Make us your home page

Today’s top headlines delivered to you daily.

(View our Privacy Policy)

The skinny

The skinny: Most pet owners see a sixth sense

sound and furry

Majority of pet owners see a sixth sense

Lassie could always sense when Timmy was in trouble. Black Beauty knew the bridge was out. Now two-thirds of U.S. pet owners say they can relate — their pets have a sixth sense about bad weather. Forty-three percent say the same about bad news, according to an Associated poll. Seventy-two percent of dog owners said they've gotten weather warnings, to 66 percent of cat owners. For bad news, 47 percent of dog and 41 percent of cat owners said they've been alerted by pets, according to the poll conducted by GfK Roper Public Affairs and Corporate Communications. How do pets convey their concerns? Sixty-four percent said their pets tried to hide in a safe place, 56 percent said they whined or cried, 52 percent said they became hyperactive, erratic or made unpredictable movements and 36 percent said they barked or meowed persistently.

california dreamin'

City officials add insult to injury

Three present and former Bell city leaders facing public corruption charges now want the cash-strapped California city to pay their legal bills. Attorneys for Mayor Oscar Hernandez, council member Teresa Jacobo and former council member George Cole have filed court documents saying the city should cover their legal expenses for a lawsuit filed by the California attorney general's office. The Los Angeles Times reported Tuesday that Jacobo and Cole also want Bell to pay their defense costs on criminal charges. Rocked by scandals and sky-high salaries, Bell is near bankruptcy, state auditors say.

phony philly

Why ruin a good story with facts?

Tour guides in Philadelphia want a federal appeals court to decide if they can be required to pass a history test and be licensed. But judges hearing arguments Tuesday believe the free-speech case may be premature. That's because city budget cuts have stalled any efforts to enforce the 2008 law, which stems from complaints that tour guides were spinning twisted yarns about Philadelphia's historic area. Three tour guides are challenging the law on grounds the city can't restrict legal speech — no matter how inaccurate.

pointing fingers

Heavy hand of the law in Dubai

Dubai's highest court has upheld the deportation of a Pakistani man for a case of road rage that included the widely recognized insult of a raised middle finger. The Court of Cassation — last stop in the appeal process — confirmed that the United Arab Emirates' indecency codes cover hand gestures and the deportation sentence would stand. In March, a British couple was sentenced to a month in jail and deportation for what was described as exchanging a provocative kiss in a restaurant. In 2008, two Britons accused of having sex on the beach got three months in jail, a sentence later suspended.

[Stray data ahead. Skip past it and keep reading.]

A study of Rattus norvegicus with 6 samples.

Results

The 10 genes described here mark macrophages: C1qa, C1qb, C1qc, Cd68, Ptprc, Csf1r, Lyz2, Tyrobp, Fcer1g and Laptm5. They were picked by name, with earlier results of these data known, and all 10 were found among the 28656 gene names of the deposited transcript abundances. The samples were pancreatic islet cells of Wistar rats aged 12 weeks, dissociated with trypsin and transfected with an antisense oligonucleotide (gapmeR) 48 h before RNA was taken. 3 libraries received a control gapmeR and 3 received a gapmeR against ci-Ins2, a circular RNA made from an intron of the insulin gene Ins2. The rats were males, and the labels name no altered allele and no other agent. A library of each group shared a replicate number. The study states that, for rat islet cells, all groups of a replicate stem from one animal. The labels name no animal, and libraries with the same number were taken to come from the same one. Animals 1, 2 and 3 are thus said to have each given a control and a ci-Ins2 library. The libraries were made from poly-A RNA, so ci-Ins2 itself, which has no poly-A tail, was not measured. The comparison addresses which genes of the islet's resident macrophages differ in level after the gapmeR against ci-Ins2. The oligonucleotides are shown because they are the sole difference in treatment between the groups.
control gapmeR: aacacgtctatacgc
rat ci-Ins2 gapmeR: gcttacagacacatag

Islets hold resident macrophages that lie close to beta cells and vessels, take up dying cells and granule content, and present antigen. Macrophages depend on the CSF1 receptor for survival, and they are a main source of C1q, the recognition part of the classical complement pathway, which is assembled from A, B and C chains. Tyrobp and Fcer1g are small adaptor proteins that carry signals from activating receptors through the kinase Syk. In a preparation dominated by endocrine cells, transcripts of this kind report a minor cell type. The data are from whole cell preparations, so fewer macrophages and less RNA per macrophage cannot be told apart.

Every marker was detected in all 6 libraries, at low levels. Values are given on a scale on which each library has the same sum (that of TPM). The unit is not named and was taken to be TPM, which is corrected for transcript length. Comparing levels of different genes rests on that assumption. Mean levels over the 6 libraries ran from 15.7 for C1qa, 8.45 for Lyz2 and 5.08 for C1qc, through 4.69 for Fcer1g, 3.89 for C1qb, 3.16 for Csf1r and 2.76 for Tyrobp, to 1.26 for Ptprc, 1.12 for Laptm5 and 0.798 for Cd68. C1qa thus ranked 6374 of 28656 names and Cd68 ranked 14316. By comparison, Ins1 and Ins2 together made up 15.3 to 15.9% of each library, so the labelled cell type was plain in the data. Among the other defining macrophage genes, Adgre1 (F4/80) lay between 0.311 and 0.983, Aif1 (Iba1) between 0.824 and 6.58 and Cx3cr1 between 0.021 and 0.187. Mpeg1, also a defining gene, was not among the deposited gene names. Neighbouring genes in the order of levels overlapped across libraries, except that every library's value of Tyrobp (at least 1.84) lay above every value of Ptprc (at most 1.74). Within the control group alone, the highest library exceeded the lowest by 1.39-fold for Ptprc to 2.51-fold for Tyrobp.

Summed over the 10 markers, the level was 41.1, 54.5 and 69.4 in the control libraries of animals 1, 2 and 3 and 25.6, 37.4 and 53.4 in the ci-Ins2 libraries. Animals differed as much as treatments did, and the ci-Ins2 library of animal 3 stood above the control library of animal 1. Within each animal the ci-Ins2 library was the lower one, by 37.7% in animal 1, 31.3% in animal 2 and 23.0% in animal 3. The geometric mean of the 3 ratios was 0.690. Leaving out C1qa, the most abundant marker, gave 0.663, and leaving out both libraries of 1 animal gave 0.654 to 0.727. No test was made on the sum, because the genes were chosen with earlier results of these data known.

Compiled from Times wires.

The skinny: Most pet owners see a sixth sense 01/11/11 [Last modified: Tuesday, November 1, 2011 5:12pm]
Photo reprints | Article reprints

© 2017 Tampa Bay Times


Join the discussion: Click to view comments, add yours

  1. Tampa man crashes into parked cars, gate at the Islamic Society of Tampa Mosque


    A Tampa man intentionally drove his pick-up truck into two parked vehicles before smashing through the locked gate of the Islamic Society of Tampa Mosque, according to the Hillsborough County Sheriff's Office.

    Shaun H. Urwiler, 42, was arrested July 16 for intentionally driving his pick-up truck into two parked vehicles before smashing through the locked gate of the Islamic Society of Tampa Mosque, according to the Hillsborough County Sheriff's Office. [Hillsborough County Sheriff's Office]
  2. USF hoops to play at Indiana in November


    The USF men's basketball team is set to get an early test from a Big Ten powerhouse in non-conference play next season.

  3. Last steel beam marks construction milestone for Tom and Mary James' museum


    ST. PETERSBURG — Tom and Mary James on Wednesday signed their names to the last steel beam framing the 105-ton stone mesa that will be built at the entrance of the museum that bears their name: the James Museum of Western and Wildlife Art.

    The topping-out ceremony of the James Museum of Western & Wildlife Art was held Wednesday morning in downtown St. Petersburg. Mary James (from left), husband Tom and Mayor Rick Kriseman signed the final beam before it was put into place. When finished, the $55 million museum at 100 Central Ave. will hold up to 500 pieces of the couple's 3,000-piece art collection. [Courtesy of James Museum of Western & Wildlife Art]
  4. Florida's school grades improve as educators get the hang of a new system


    Following a trend, Florida's school grades showed strong gains in the third year after the state changed its grading formula and the standardized tests that students take every year.

    After finding out earlier Wednesday that her school went from a low C to an A,  Bear Creek Elementary principal Willette Houston celebrates with her students in the YMCA After School program at the school in St. Petersburg. Houston is giving a high five to rising fifth grader Jonaven Viera. Rising 4th grader Jonathan Cafaro is in foreground with his back to camera. [CHERIE DIEZ   |   Times]
  5. Tampa Bay woman, 11-year-old boy had sex up to 20 times the year their baby was born, detectives say.


    TAMPA — A woman sexually battered an 11-year-old Brandon boy, got pregnant and raised the baby for three years before a tip led to her arrest, Hillsborough County sheriff's officials said.

    Marissa Mowry, 25, first said the boy raped her, then changed her story, detectives say.